Planet Earth - Studying Ocean Acidification

23 January 2011

Interview with

Dave Smith, Dave Suggett, University of Essex in Colchester

Chris -   Coral reefs are regarded as the rainforest of the sea.  They play a vital role in marine ecosystems and now, a new reef research unit at the University of Essex in Colchester has been setup to study them and Planet Earth presenter Sue Nelson has been to meet the Assistant Director Dave Suggett, and the Director Dave Smith.

Dave Smith -   We have a central large tank which acts asa whole ecosystem with corals, fish, numerous different types of organisms that make up a coral reef, and then around the outsides of the central system, we have a designated site which we use to fragment corals to grow for experiments. On the other side of the central system, smaller tanks where we can very precisely control the environmental conditions.  From light levels to temperature, and in some cases water quality as well.

Sue -   We're in the doorway at the moment.  Let's just go inside where it's even noisier and take at closer look at this large, central, rather beautiful tank.  Can you give me an idea of the range of species that you've got?

Dave Smith -   Sure, yeah.  It is quite noisy in here but that sort of mimics quite nicely what a coral reef is.  It's a noisy, high energy environment and that's quite important for us to be able to mimic the sort of environment that we see in nature.  We have about 22 different species of coral ranging from very highly branched corals to more boulder-like corals, and encrusting corals. We have soft corals which are part of the same family of the reef building corals, but don't produce the skeleton. And of course, dotted inside and within their little holes, and cubby holes of the coral itself, we have new and different species of fish.  All of which play important functional roles on the reef, mopping up seaweeds and algae, and keeping the reef in check and balance.

Coral Reef

Sue -   Is this coral all from one particular region?

Dave Smith -   This coral that we see at the moment, in fact, the 20 species are all from the IndoPacific region around Indonesia, the Philippines, which is actually the centre of coral biodiversity.  So you find more species there than anywhere else around the world, and most of our research in the field is based out in the Indian Ocean and the Pacific.  So we're mimicking a typical IndoPacific reef here.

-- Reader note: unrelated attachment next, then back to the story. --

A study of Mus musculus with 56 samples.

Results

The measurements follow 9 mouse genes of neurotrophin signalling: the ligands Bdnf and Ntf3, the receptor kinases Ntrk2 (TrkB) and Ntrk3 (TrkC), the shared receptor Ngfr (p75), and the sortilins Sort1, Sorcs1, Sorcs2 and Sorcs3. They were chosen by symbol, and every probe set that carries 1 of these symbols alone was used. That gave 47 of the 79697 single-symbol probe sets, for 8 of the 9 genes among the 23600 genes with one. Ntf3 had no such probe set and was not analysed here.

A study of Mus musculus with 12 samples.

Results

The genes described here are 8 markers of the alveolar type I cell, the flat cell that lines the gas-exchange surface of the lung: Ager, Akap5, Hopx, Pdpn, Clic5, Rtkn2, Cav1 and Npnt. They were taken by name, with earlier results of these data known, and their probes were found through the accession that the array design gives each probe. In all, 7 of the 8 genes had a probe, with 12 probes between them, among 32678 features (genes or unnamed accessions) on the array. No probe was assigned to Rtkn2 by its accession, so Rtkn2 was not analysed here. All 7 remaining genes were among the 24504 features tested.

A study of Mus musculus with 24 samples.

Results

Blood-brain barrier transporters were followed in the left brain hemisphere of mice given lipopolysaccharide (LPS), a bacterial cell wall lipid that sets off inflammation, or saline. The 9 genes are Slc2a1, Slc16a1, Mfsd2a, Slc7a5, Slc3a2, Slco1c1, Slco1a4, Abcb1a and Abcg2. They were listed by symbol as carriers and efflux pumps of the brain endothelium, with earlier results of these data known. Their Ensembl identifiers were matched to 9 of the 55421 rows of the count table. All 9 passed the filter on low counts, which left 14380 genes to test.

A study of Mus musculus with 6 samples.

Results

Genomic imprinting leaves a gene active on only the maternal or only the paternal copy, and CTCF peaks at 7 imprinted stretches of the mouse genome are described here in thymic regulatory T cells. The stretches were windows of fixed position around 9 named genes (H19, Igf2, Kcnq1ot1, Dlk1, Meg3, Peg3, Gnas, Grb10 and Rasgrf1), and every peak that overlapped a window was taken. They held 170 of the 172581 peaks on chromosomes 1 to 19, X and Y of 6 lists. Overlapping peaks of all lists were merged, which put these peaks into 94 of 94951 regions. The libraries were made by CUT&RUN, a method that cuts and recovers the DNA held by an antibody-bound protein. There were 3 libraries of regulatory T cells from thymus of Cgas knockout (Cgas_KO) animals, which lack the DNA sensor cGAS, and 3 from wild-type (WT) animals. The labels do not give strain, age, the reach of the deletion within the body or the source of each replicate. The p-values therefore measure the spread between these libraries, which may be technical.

Sue -   Dave Suggett, you're especially interested in looking at the effects of ocean acidification on coral.  How do you go about doing that?

Dave Suggett -   Well ocean acidification is an exceedingly complex process.  We're only just beginning to understand the carbon chemistry associated with that. As a term or a process, it effectively describes excess carbon dioxide from the atmosphere, entering into the oceans.  Normally, oceans have a natural capacity to mop up that CO2, but with so much CO2 now coming from the atmosphere, it's exceeding this - what we called the buffering capacity of the oceans.  So gradually, we're seeing a decline pH, making it less alkaline rather than more acidic for want of a better term.  Why this is so important is that corals require inorganic carbon for several reasons.  First of all, photosynthesis and secondly, they need carbonate ions to be able to form their hard shells which makes them so important for constructing coral reefs.

Sue -   How do you go about monitoring then, how much carbon dioxide a piece of coral is taking in?

Dave Suggett -   Well I think really of this as a key stone element of our research which was to try and take existing technology that's used in terrestrial systems, which can easily monitor carbon dioxide in the air and actually start to use that to monitor carbon dioxide in sea water.  So in order to do that, we've taken technology from the medical industry where you have gas permeable tubes and it lets the gases permeate through them and then be measured by the terrestrial system.  So this is a major step forward for us and for the first time, being able to measure carbon dioxide in sea water continuously and rapidly, alongside various other measures of the carbon chemistry.  So we have a holistic view of ocean acidification.  That's actually been very rare until now to do.

Sue -   Dave Smith, obviously you're not going to know exactly what's going to happen until you finish your experiment but you must have a crucial idea in terms of what the differing effects of carbon dioxide are going to have on the coral.

Dave Smith -   Absolutely.  Coral reefs are so biodiverse and so productive because they're very physically complex.  So any environmental conditions which decrease coral's ability to produce the complexity will have major consequences for the number of species a coral reef has and the half-a-billion people who depend on coral reefs for food.